Was The Hype That Surrounded Google+ Worth it?

Posted by on July 29th, 2015

Social media is a landscape of constant change and evolution. Because of the amount of competition, a promising social media network can launch today and disappear tomorrow. Just a few years ago, Google+ seemed to be “the” social media platform, providing something unique from Twitter and Facebook. It was no surprise that Google+ initially received an extraordinary amount of attention, being launched from Google’s tech powerhouse.

For a period of time, Google+ offered the “Authorship” feature. Google Authorship was a way to link content created with the Google+ profile to its original authors, benefiting SEO. However, due to a lack of promotion, only 30% of authors put an effort into utilizing this feature. Additionally, a large percentage of Google+ accounts encountered errors when attempting to link their profiles. It has recently been announced that Google products and features will slowly be decoupled from Google+ like YouTube, Google Photos and more. Although Google+ will still exist, I think it’s safe to say that Google+ was more hype than promised.

All across the world new social media platforms are born daily, with only but a few being successful. Google+ failed at acknowledging that their reputation alone could not drive organic user growth. Instead, Google needed to invest their time and money into user acquisition efforts. Google has long been an innovator, but even the greatest of innovators fail. With businesses and individuals clinging to distinguished platforms such as Facebook, Twitter, Instagram and Pinterest, the hope of users embracing new publishing based social networks seems minimal.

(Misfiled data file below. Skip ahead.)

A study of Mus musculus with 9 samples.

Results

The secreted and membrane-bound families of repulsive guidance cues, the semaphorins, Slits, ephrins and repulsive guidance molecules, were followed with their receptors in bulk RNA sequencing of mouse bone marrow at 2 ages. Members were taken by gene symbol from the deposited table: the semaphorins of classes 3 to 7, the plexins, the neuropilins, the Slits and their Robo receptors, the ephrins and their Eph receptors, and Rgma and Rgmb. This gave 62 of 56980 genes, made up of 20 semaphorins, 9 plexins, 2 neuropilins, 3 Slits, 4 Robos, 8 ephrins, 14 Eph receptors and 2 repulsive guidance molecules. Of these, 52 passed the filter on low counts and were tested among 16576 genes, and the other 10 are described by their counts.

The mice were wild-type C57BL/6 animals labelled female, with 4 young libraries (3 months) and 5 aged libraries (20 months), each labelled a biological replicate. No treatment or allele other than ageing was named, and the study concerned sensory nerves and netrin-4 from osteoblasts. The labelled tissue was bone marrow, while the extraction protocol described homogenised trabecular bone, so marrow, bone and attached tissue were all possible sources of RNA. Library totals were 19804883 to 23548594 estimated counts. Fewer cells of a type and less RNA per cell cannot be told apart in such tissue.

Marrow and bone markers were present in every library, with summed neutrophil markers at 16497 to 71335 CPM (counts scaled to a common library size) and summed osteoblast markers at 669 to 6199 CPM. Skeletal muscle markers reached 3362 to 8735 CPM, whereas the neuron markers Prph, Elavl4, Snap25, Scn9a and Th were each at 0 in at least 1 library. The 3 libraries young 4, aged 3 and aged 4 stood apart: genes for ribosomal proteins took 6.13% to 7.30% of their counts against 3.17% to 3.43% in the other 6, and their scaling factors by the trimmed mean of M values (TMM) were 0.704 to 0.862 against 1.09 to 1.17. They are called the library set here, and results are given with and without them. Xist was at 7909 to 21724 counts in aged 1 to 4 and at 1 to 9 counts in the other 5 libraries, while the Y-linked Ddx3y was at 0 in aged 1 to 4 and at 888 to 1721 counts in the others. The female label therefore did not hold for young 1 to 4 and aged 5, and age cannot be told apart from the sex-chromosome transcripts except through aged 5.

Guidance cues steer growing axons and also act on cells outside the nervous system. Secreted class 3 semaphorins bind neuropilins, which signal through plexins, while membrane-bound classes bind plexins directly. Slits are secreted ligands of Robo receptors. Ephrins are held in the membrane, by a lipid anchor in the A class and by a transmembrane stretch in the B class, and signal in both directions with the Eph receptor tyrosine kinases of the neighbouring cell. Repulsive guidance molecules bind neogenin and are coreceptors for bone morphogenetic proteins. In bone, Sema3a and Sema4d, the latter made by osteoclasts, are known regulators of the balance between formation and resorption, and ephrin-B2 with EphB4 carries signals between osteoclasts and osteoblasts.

With the death of one opportunity comes the rise of another. Perhaps LinkedIn will succeed at what Google+ attempted to do, which is creating a platform for publishers. LinkedIn quietly rolled out Pulse for writers, offering a smooth transition for Google authors to help them rank substantially higher. The Pulse tool has been regularly promoted and has actively enabled different brands and executives alike to position themselves.

Google+ will still linger, but my question to you is… are you ready to publish on another platform?